Good Governance Requires Dimon to End Dual Roles at J. P. Morgan Chase

James 'Jamie' Dimon, chief executive officer of JPMorgan Chase & Co., listens during a panel discussion on the opening day of
James 'Jamie' Dimon, chief executive officer of JPMorgan Chase & Co., listens during a panel discussion on the opening day of the World Economic Forum (WEF) in Davos, Switzerland, on Wednesday, Jan. 23, 2013. World leaders, Influential executives, bankers and policy makers attend the 43rd annual meeting of the World Economic Forum in Davos, the five day event runs from Jan. 23-27. Photographer: Chris Ratcliffe/Bloomberg via Getty Images

Raging debates about whether or not the CEO and Chairman roles at J.P. Morgan Chase should be divided have centered on the skills and personality of Jamie Dimon who currently holds both positions. Shareholders of J.P. Morgan Chase will vote on this issue at their annual meeting on May 21, 2013. They should not focus on the particular skills of Dimon, but rather on core issues of good governance.

If the issue was just about the management skills of Dimon, then his record should suffice to allow him to keen the two top posts. But, the much more substantive context that should be considered needs to embrace the health of our global financial system and whether banks like Chase today can be well-managed at all.

Successful global banks have grown and become enormously more complex in recent years. These leviathans operate in dozens of countries and dozens of markets. Their employees come from a multitude of nations. Whether they are known as Citi, HSBC, J.P. Morgan Chase, Barclays, UBS, Deutsche, all seem to be accident prone.

Despite myriad official regulations and an enormous burden on the banks to find ways to comply with the ever-rising volume of new reporting requirements, the fact is to quote former U.S. Defense Secretary Donald Rumsfeld in another context, "stuff happens." That "stuff" may range from a formidable trading loss, attributed to the "London Whale" at J. P. Morgan Chase; to full-scale LIBOR interest rate manipulation by Barclays and UBS and many others; to global international money laundering by HSBC. While the banks deploy ever more risk managers and construct ever more sophisticated risk management models, the costly errors and the cases of malfeasance abound.

Concerned with the systemic risks that a particularly expensive accident might have at a giant bank, the authorities have been increasing capital requirements and contemplating leverage ratio reductions. Such measures may to a degree reduce the danger of a full-scale 2008-type financial crisis, but it also adds to the management burdens at the banks themselves.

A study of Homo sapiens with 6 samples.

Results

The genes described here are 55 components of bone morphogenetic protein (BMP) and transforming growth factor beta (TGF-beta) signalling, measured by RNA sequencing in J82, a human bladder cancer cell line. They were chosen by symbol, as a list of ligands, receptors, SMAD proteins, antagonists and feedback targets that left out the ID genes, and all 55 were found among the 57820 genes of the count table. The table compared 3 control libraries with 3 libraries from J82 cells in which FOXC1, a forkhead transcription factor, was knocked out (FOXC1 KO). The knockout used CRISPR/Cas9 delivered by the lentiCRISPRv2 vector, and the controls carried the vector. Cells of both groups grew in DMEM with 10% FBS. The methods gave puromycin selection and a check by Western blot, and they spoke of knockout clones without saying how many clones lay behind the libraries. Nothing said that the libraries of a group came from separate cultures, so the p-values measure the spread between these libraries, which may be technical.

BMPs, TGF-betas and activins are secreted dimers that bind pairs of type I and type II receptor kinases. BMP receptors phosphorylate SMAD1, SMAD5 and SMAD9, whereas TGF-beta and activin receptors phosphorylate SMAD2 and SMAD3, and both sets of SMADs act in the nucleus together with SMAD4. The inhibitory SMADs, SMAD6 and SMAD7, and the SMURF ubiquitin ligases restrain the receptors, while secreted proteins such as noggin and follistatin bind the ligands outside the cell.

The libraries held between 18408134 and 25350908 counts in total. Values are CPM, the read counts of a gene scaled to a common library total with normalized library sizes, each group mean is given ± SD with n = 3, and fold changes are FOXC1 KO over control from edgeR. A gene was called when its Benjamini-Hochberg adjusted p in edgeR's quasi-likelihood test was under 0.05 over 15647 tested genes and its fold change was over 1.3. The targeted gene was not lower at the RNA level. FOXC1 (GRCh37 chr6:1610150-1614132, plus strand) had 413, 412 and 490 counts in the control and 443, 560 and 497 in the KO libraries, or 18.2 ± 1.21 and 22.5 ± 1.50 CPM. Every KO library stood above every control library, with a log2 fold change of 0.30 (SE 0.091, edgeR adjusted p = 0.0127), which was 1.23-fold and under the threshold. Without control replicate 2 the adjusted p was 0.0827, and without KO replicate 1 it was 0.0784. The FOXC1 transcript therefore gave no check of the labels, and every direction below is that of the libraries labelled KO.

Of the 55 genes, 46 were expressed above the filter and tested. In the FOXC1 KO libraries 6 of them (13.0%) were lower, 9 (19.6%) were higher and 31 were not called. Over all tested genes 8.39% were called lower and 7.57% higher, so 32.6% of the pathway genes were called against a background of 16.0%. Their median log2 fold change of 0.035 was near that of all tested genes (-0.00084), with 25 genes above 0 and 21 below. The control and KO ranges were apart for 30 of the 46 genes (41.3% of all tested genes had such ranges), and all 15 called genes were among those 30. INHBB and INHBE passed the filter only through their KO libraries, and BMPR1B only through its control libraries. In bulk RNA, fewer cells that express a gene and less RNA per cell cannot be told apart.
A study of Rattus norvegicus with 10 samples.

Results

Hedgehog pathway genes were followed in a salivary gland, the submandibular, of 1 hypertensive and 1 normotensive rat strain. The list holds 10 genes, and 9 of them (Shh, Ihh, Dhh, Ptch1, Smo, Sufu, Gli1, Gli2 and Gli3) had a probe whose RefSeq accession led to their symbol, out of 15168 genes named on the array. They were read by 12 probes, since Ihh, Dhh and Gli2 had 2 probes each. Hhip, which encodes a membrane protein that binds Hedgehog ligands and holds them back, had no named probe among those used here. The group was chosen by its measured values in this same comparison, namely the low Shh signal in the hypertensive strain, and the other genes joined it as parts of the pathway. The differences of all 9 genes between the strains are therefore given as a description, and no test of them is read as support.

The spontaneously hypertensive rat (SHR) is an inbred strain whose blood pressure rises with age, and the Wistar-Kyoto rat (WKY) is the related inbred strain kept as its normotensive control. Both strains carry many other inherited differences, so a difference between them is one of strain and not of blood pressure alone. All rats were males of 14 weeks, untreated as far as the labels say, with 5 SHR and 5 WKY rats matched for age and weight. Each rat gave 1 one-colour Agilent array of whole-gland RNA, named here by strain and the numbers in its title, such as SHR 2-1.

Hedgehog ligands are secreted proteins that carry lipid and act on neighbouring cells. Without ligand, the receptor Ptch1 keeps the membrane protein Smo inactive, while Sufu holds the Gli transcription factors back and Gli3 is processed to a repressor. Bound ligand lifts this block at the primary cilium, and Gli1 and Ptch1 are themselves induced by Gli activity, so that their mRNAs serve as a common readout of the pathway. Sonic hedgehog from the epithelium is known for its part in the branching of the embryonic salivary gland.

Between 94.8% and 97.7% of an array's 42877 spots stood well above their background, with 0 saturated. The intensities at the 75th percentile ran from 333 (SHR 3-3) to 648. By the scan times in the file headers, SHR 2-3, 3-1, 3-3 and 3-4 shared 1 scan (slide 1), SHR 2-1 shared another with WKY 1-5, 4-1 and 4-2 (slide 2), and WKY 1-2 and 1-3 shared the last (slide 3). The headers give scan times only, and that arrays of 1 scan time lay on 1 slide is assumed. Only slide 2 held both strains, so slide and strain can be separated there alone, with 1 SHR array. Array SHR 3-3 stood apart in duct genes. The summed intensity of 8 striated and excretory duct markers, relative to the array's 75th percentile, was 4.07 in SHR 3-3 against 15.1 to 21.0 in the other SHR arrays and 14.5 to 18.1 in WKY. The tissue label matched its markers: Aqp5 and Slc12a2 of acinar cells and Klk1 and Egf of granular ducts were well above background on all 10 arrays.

This is the context that ought to be fully considered as shareholders in giant financial services firms determine whether the positions of CEO and Chairman should be divided. Breaking up the biggest banks because they are perceived as "too big to fail" is unrealistic. What is needed, however, are improvements in the transparency and the accountability of governance in these institutions.

The major banks should all have "living wills" that detail how they would be carefully wound-down and, if necessary liquidated, or merged in part into other institutions, in the event that they failed. The "living wills" should be determined by the board of directors and its key outlines should be made known to shareholders. This is a governance issue - not one that should directly involve the CEO, the top institutional manager, unless of course the institution finds itself failing.

Similarly, it is the board's prime responsibility to oversee the actions of management and to ensure that a corporate culture of high integrity prevails. While the CEO and his management team may often feel the drive to build profits somewhat overshadows other priorities, it is for the board to provide a check on this and ensure there is balance to both secure an ethical culture, and to demonstrate to regulators and investors alike that a such a culture prevails.

In exceptionally complex institutions that have long records of experiencing that "stuff happens", the argument for a strong board of directors that is seen to be accountable to shareholders and whose actions are both transparent and effective, is vital. This level of authority and yes, independence relative to management, is not possible in such complex giant institutions without a clear divide between the CEO and the board's chairman. Each has a distinct role and accountability to employees, shareholders and regulators.

Dividing the roles is, of course, not enough. Boards of directors of the world's biggest banks need to be composed of individuals who have substantial experience of managing large and complex institutions, they should devote considerable amounts of time to their board responsibilities, and they should be highly active in their work. Unfortunately, this is not the case today in the boards of many of the biggest banks, where the CEO, even if he does not hold the Chairman title, dominates the institution, the agenda of the board and often influences the selection of new board members, so undermining the crucial goal of a strong and independent board.

Frank Vogl, has spent more than two decades involved in global banking policy issues.